TOKYO, Nov. 26 (Kyodo) — Kansai Electric Power Co. applied to the government Monday to hike household electricity rates by an average 11.88 percent from April 1, after seeing its business conditions worsen due to rising fuel costs from running thermal power plants to make up for the loss of atomic energy.

The Osaka-based company would become the first utility after Tokyo Electric Power Co. to resort to such action since the Fukushima Daiichi nuclear power plant disaster last year, which has left many reactors in the country idle amid safety concerns.

Other utilities that have relied relatively heavily on nuclear power as a source of energy supply before the crisis are likely to take similar actions, possibly leading rate hikes to spread nationwide and creating downward pressure on the economy.

If Kansai Electric is allowed to raise household electricity charges, it would be its first rate increase based on a thorough cost review since 1980.

Economy, Trade and Industry Minister Yukio Edano, who has the authority to approve the rate hike, has said earlier that his ministry will "strictly examine" the costs the utility seeks to pass on to consumers.

The utility also announced the same day that it has decided to raise electricity bills for corporate users by an average 19.23 percent from April, a move which does not require government approval.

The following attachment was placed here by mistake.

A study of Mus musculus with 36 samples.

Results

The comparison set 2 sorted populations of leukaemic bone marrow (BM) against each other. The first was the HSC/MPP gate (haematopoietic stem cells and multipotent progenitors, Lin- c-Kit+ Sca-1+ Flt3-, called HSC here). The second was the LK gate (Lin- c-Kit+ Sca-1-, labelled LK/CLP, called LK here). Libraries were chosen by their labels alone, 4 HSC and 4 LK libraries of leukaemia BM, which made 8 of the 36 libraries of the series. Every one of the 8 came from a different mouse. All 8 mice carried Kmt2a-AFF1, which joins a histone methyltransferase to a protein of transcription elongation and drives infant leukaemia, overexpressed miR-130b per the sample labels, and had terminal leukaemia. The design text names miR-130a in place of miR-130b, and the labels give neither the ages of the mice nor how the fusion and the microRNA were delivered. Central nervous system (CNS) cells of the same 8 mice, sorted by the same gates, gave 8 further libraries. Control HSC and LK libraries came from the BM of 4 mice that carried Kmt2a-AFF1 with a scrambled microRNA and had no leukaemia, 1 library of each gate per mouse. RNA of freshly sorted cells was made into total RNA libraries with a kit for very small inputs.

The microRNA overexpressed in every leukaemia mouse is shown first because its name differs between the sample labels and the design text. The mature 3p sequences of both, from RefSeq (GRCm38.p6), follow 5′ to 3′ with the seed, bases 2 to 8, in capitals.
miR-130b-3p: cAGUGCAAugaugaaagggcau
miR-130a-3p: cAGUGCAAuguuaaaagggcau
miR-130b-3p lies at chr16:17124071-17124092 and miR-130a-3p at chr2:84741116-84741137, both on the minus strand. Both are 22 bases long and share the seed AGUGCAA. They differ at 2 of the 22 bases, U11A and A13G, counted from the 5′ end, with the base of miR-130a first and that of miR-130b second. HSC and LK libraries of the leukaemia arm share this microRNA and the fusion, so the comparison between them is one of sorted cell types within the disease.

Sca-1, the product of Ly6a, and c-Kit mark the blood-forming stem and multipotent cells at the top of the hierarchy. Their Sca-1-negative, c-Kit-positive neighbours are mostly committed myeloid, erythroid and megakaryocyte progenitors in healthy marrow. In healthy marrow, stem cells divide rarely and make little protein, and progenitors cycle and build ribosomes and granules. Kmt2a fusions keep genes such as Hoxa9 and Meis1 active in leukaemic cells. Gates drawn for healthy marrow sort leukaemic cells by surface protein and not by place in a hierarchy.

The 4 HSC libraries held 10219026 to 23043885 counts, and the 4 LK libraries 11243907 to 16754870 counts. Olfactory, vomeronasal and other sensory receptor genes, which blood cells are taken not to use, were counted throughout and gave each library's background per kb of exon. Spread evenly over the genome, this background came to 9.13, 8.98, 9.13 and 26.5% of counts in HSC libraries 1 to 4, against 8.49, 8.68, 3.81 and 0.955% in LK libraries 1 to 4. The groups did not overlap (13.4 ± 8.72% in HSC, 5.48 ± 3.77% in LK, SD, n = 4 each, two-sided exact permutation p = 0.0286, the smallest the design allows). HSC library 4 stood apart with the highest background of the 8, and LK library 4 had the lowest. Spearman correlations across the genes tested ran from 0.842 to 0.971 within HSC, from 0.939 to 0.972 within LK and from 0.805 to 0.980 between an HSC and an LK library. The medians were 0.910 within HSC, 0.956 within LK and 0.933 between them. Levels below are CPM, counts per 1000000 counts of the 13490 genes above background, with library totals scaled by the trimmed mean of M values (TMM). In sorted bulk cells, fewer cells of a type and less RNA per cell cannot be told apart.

Kansai Electric owns 11 reactors, but only two of them, at its Oi plant in Fukui Prefecture, are currently online. No other reactors are operating in the country and prospects are unclear on when they will be restarted.

Still, the utility devised the rate hike plans based on the assumption that two reactors at the Takahama plant in Fukui on the Sea of Japan coast will be reactivated.

According to a senior official of the company, moving the two reactors will help the utility cut about 160 billion yen in fuel costs annually.

Kansai Electric reported a group net loss of 116.79 billion yen for the April-September period, its biggest net loss for the half-year period.

In the case of TEPCO, the operator of the Fukushima Daiichi complex, it first applied to raise household rates by an average 10.28 percent but was asked to trim the margin of the hike to 8.46 percent following the government screening process.